Record-breaking heat and gusty winds expected by the weekend will prime California’s brush-covered hills and valleys for fast-moving wildfires even as crews currently battle two large blazes in the northern half of the state.
Burdened with a 70,000-acre wildfire in Yolo County and a nearly 15,000-acre blaze in Lake County, California Department of Forestry and Fire Protection crews will be on high alert this weekend along with county and local fire agencies, officials said Tuesday.
“It’s summertime in Northern California so the conditions are never great,” said Mike Kochasic, a meteorologist in Sacramento. With the exception of a three-day dip ending Friday, temperatures in the region around the fires will hover in the 90s, with wind gusts up to 30 mph and humidity below 30%, Kochasic said.
“It definitely does dry things. It’s a concern right around the holiday,” he added, referring to the Fourth of July.
“All the vegetation now is extremely stressed, and they’re all vying for that little bit of moisture that is out there,” said Cal Fire spokesman Scott McLean. “It’s just a recipe for wildland fires.”
In Southern California, record-breaking heat this weekend will amplify fire risks, said Keily Delerme, a National Weather Service meteorologist in Oxnard.
Delerme said it could inch toward triple digits in downtown Los Angeles on Friday when the heat record for that date is 88 degrees. The valleys could peak at 112 degrees over the weekend.
Desert winds blasting toward the ocean are expected to keep any hint of a cool ocean breeze in check, she added.
In the meantime, scores of residents near the County fire in Yolo County remain under evacuation orders.
The blaze was threatening nearly 1,000 homes and businesses early Tuesday, authorities said.
It started in Yolo County on Saturday and grew to 70,000 acres with only 5% containment as of Tuesday morning, Cal Fire said.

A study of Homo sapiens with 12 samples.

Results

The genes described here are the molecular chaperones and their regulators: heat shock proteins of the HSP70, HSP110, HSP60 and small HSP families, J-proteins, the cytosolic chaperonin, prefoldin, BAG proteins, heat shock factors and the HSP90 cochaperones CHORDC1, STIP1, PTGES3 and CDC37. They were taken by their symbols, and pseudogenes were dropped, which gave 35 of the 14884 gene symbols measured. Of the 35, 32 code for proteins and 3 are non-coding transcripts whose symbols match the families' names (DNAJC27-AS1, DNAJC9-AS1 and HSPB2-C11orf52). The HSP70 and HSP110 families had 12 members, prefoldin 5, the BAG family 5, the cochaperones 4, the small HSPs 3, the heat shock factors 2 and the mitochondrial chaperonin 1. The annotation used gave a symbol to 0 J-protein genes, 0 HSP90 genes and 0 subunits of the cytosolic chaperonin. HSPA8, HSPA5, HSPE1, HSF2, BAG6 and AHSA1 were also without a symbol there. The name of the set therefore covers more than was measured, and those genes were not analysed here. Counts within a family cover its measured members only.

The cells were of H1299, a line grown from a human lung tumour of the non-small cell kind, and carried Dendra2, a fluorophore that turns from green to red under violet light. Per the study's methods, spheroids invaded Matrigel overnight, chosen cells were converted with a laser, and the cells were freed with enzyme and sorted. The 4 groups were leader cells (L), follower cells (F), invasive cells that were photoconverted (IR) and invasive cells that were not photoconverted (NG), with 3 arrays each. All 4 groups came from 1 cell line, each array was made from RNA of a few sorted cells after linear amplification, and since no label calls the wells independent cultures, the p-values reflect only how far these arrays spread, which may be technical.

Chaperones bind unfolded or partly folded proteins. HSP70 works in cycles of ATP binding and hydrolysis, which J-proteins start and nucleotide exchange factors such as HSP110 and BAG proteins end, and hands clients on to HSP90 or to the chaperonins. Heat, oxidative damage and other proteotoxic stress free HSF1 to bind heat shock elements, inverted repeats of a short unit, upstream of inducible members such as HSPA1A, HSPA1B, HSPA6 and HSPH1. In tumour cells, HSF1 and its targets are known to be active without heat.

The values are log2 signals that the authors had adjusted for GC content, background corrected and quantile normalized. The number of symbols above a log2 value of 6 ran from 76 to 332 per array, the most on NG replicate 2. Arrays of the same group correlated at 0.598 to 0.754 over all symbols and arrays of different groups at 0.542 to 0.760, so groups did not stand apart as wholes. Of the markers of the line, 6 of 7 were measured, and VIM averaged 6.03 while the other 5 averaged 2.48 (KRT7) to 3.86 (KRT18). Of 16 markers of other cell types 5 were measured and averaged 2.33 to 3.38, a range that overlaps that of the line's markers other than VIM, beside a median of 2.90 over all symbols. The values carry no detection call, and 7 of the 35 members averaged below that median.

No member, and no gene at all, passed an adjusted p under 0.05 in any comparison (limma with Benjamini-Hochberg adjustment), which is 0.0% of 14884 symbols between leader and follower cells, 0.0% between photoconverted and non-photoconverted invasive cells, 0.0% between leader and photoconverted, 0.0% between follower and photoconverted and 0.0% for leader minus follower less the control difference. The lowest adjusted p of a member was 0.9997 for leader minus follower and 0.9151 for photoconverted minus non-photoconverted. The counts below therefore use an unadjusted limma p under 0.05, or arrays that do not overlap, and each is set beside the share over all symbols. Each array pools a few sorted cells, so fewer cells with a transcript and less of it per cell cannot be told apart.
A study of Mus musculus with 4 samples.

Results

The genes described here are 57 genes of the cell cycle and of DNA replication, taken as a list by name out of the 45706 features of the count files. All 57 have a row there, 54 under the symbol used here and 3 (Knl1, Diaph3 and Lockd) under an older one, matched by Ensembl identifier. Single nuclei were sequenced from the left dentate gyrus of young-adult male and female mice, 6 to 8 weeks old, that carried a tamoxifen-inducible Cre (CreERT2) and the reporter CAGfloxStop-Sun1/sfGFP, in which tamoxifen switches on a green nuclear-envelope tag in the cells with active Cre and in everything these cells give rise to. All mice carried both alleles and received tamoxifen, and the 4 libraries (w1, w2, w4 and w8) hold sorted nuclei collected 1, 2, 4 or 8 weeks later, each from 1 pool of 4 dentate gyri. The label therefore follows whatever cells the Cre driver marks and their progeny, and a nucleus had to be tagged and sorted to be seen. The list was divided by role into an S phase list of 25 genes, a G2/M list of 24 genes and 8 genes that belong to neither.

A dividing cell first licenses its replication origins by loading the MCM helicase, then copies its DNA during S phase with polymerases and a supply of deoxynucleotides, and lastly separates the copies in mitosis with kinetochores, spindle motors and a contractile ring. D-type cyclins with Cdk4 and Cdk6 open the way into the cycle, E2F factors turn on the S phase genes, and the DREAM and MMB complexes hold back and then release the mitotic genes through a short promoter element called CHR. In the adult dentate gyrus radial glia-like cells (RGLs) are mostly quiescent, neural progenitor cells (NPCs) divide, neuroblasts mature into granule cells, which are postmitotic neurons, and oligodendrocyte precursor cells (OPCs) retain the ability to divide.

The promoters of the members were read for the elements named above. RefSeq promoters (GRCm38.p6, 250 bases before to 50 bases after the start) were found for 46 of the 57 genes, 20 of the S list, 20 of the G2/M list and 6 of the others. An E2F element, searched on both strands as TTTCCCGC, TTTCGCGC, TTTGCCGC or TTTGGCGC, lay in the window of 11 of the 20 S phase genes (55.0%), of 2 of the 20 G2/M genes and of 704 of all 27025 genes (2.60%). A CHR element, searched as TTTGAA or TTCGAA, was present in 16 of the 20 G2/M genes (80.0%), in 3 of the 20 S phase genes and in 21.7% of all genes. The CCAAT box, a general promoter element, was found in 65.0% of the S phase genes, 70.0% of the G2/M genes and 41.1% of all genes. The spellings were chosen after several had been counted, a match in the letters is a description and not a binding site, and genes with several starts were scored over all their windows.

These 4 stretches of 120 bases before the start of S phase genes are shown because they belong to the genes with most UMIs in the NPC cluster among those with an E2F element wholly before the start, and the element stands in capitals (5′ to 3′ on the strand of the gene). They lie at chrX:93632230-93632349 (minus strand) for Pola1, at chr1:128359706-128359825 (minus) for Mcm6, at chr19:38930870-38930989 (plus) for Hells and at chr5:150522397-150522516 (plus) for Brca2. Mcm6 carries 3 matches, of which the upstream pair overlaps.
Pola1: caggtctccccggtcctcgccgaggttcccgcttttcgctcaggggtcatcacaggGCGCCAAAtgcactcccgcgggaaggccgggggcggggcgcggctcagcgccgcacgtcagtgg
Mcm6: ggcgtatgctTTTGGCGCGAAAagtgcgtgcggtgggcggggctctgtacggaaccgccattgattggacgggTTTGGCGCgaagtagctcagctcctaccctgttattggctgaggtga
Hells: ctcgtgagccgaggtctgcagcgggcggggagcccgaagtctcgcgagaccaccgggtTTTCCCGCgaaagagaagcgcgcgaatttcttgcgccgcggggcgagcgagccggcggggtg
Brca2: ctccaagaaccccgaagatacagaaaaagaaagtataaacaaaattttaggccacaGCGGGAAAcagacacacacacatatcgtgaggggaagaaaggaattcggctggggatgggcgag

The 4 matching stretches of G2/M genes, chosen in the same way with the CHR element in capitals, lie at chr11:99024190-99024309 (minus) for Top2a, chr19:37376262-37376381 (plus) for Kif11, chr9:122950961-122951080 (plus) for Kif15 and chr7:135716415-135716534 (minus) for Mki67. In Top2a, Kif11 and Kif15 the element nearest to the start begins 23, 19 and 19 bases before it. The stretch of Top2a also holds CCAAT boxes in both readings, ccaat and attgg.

The fire is burning in the rugged hills and canyons west of Sacramento near Lake Berryessa amid difficult terrain and shifting winds. Crews spent Monday and Tuesday setting up defensive positions around neighborhoods in the fire’s potential path, Cal Fire said.
There are more than 2,100 firefighters at the scene working to stop the blaze. Residents in neighboring Napa County’s Berryessa Highlands, Markley Cove Resort and Pleasure Cove Resort areas were told Monday night to prepare to flee if the fire pushes closer. Residents to their north, in Yolo County’s Esparto neighborhood, were evacuated over the weekend.
“Usually fire season is maybe late August, September, October,” said state Sen. Bill Dodd (D-Napa), whose district includes Yolo County and other areas hit hard recently by wildfires. “But, boy, it’s just getting earlier and earlier.”
The blaze is the second largest wildfire of the year in California. The Pawnee fire, which began June 23 in Lake County, has burned 14,900 acres and is 80% contained after destroying 22 homes, businesses and other structures, Cal Fire said.